Memorial for ‘Junior’ Guzman-Feliz cleared but tragic site remains solemn

THE BRONX — A memorial dedicated to the teen killed outside a Bronx bodega is smaller now -- candles and mementos were deemed a hazard and removed -- but the city corner is still marked by an unmistakable sense of sadness and solemnity.

Visitors knelt in prayer before the memorial for Lesandro "Junior" Guzman-Feliz when PIX11 news visited the site on Monday. New Yorkers were quiet as they walked by and only resumed their conversations once they'd passed the site where the 15-year-old boy was killed on June 20 by alleged members of the Trinitarios gang.

The community has been changed by Guzman-Feliz's death and many hope that tragedy could lead to changing the landscape of the Bronx.

Two members of community organization We Are Breaking the Chains sat on folding stools outside the bodega. They have Sharpies for anyone who wants to sign the memorial and they also have plans to transform the site into a community center.

"We're trying to bring back a healthy environment when we pass through the streets of the Bronx," co-founder Jaquim Diaz said.

Visitors pay their respects at a memorial for Lesandro "Junior" Guzman-Feliz in the Bronx on July 9, 2018. (Aliza Chasan / PIX11 News)

He and co-founder James Smalls hope their organization can get rid of all the elements in the Bronx that led up to the death of Guzman-Feliz and more than 40 others in the borough this year. Their organization focuses on restorative justice.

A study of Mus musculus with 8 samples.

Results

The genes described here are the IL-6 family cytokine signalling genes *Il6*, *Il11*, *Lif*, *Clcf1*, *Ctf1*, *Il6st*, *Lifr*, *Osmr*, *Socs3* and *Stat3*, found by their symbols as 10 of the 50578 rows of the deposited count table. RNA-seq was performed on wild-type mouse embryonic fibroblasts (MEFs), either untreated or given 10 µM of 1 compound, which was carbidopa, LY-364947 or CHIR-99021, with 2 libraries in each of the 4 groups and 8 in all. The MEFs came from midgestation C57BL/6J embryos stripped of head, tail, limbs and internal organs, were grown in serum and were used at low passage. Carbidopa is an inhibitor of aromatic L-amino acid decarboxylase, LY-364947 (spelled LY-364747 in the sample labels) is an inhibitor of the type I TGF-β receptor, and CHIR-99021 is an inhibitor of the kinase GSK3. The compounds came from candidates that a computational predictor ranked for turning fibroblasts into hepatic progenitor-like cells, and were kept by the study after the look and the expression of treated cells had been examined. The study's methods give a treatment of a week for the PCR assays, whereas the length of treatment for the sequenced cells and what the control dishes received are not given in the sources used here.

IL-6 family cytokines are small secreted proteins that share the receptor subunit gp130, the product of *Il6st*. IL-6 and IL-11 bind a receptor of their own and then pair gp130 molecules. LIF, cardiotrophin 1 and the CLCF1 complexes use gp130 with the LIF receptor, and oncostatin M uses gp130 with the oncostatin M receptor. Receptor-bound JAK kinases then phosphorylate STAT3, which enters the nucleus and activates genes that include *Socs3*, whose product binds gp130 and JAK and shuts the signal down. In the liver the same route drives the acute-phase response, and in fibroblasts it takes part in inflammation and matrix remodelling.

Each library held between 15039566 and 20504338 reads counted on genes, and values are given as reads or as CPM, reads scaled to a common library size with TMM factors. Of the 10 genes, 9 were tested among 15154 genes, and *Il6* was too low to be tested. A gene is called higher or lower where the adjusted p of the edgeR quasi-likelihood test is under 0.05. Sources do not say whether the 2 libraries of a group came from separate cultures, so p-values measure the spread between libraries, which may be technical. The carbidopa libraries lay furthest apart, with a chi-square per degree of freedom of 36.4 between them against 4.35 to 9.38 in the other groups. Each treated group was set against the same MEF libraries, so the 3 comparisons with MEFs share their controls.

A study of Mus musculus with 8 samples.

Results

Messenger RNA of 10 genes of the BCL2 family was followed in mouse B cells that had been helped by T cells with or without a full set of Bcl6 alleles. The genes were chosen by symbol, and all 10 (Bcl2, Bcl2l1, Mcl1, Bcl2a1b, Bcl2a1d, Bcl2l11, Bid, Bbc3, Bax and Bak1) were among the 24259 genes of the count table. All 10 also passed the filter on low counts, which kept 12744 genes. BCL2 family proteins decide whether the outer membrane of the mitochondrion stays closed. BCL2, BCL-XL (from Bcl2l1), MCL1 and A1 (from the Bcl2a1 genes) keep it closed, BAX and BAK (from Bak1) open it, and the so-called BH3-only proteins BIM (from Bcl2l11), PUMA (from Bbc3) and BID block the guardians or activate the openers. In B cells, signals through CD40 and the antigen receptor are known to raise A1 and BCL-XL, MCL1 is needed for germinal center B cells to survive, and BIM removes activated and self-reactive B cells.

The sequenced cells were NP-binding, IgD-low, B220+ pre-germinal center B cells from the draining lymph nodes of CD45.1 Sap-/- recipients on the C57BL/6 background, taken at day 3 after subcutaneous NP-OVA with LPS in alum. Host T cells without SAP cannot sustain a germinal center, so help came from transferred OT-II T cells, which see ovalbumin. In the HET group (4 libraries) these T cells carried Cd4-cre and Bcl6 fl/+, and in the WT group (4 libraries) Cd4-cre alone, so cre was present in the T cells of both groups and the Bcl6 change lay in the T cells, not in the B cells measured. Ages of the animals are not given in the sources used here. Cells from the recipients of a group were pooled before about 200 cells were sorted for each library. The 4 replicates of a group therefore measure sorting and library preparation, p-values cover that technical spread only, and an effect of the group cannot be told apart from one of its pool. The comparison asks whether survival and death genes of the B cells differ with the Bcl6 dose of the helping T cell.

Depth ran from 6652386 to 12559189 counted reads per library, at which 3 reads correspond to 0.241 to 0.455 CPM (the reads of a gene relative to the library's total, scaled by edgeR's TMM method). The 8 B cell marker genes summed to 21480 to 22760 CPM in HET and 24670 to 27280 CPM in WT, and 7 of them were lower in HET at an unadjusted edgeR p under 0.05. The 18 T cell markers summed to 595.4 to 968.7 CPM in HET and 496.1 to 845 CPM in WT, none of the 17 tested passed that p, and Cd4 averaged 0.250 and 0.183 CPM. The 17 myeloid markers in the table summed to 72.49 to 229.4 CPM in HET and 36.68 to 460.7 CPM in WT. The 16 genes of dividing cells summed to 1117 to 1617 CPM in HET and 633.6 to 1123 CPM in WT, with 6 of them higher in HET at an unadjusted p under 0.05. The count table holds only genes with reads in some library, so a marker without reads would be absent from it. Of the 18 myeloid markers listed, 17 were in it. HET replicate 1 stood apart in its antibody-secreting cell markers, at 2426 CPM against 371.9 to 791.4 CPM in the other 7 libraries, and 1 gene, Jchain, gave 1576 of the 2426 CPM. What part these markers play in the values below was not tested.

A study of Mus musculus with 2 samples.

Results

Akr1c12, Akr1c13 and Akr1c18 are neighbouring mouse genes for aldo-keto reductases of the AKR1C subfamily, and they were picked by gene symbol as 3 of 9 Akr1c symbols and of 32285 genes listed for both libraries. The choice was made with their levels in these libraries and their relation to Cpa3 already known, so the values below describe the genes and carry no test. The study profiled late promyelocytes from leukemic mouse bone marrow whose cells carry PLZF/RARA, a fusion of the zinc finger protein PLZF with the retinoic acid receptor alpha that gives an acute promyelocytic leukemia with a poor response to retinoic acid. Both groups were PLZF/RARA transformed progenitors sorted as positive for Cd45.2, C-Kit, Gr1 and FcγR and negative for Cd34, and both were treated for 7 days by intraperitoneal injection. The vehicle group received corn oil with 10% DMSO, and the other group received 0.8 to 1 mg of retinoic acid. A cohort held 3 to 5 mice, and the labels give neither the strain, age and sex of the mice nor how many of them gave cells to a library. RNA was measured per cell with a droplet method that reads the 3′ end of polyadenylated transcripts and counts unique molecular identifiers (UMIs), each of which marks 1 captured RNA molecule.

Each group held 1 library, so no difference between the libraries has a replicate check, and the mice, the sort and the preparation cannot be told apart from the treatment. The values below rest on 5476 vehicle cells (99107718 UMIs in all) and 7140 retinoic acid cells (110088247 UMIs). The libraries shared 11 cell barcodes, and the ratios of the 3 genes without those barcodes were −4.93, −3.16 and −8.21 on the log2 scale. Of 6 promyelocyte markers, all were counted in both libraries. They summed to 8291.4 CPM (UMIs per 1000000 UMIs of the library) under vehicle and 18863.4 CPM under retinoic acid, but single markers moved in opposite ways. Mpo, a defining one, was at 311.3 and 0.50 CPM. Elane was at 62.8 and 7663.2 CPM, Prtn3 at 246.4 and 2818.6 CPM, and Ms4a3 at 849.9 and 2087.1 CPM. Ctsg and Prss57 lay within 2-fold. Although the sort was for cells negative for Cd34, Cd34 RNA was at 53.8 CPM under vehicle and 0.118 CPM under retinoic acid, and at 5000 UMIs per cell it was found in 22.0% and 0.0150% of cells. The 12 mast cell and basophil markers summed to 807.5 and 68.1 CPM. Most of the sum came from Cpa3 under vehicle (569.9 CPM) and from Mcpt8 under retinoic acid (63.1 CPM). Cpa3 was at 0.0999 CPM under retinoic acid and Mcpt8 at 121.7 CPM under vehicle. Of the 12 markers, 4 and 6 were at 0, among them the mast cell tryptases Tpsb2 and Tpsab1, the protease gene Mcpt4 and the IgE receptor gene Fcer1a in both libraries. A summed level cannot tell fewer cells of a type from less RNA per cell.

"Junior really ignited it," Diaz said. "We felt it was necessary for the world right now."

Diaz was at home when the news broke that a teenager was killed nearby. His 17-year-old brother, who looks a lot like Guzman-Feliz, shared the tragic news with him.

"It just told me, if that was a mistaken identity, it could have been my brother," Diaz said. "Just because it wasn't something that directly impacted you doesn't mean you didn't lose a family member when Junior lost his life."

A woman who lives across the street from the bodega noted that, since large portions of the memorial were cleared out over the weekend, people have complained.

They've brought new candles even as a milk crate full of them sits next to the still-shuttered store.

A patrol officer at the scene said the memorial had been cleared over the weekend for safety reasons. The Sanitation Department cleared melted candle wax from the sidewalk to keep mourners from slipping,  a department spokeswoman said.

Previously, thousands of candles had filled nearly two blocks of sidewalk in memory of the teen. Two murals have been painted in the area near the scene.

A mom of two from Pennsylvania stopped at the memorial to pay her respects and a dad from California looked up at the mural of Guzman-Feliz as his family wrote messages for the slain teen.

"It breaks my heart every time I look at it," one woman said as she walked by.

Guzman-Feliz's killing spurred widespread outrage and calls for #JusticeforJunior and an end to gang violence.

The teen's mom said he'd dreamed since he was 5 years old of joining the New York Police Department and becoming a detective. Guzman-Feliz had been part of the department's Explorers Program for youth interested in a career in law enforcement.

NYPD Commissioner James O'Neill wrote in an op-ed in the New York Daily News that Guzman-Feliz's death "was like losing a family member we didn't even know we had."

So far, 11 men have been arrested in the case. They're all reputed gang members accused of chasing down Guzman-Feliz, dragging him from a bodega where he tried to hide and setting upon him with knives and machetes. The teen suffered a fatal slash to his throat then ran to the hospital for help, but collapsed on the sidewalk before he reached help.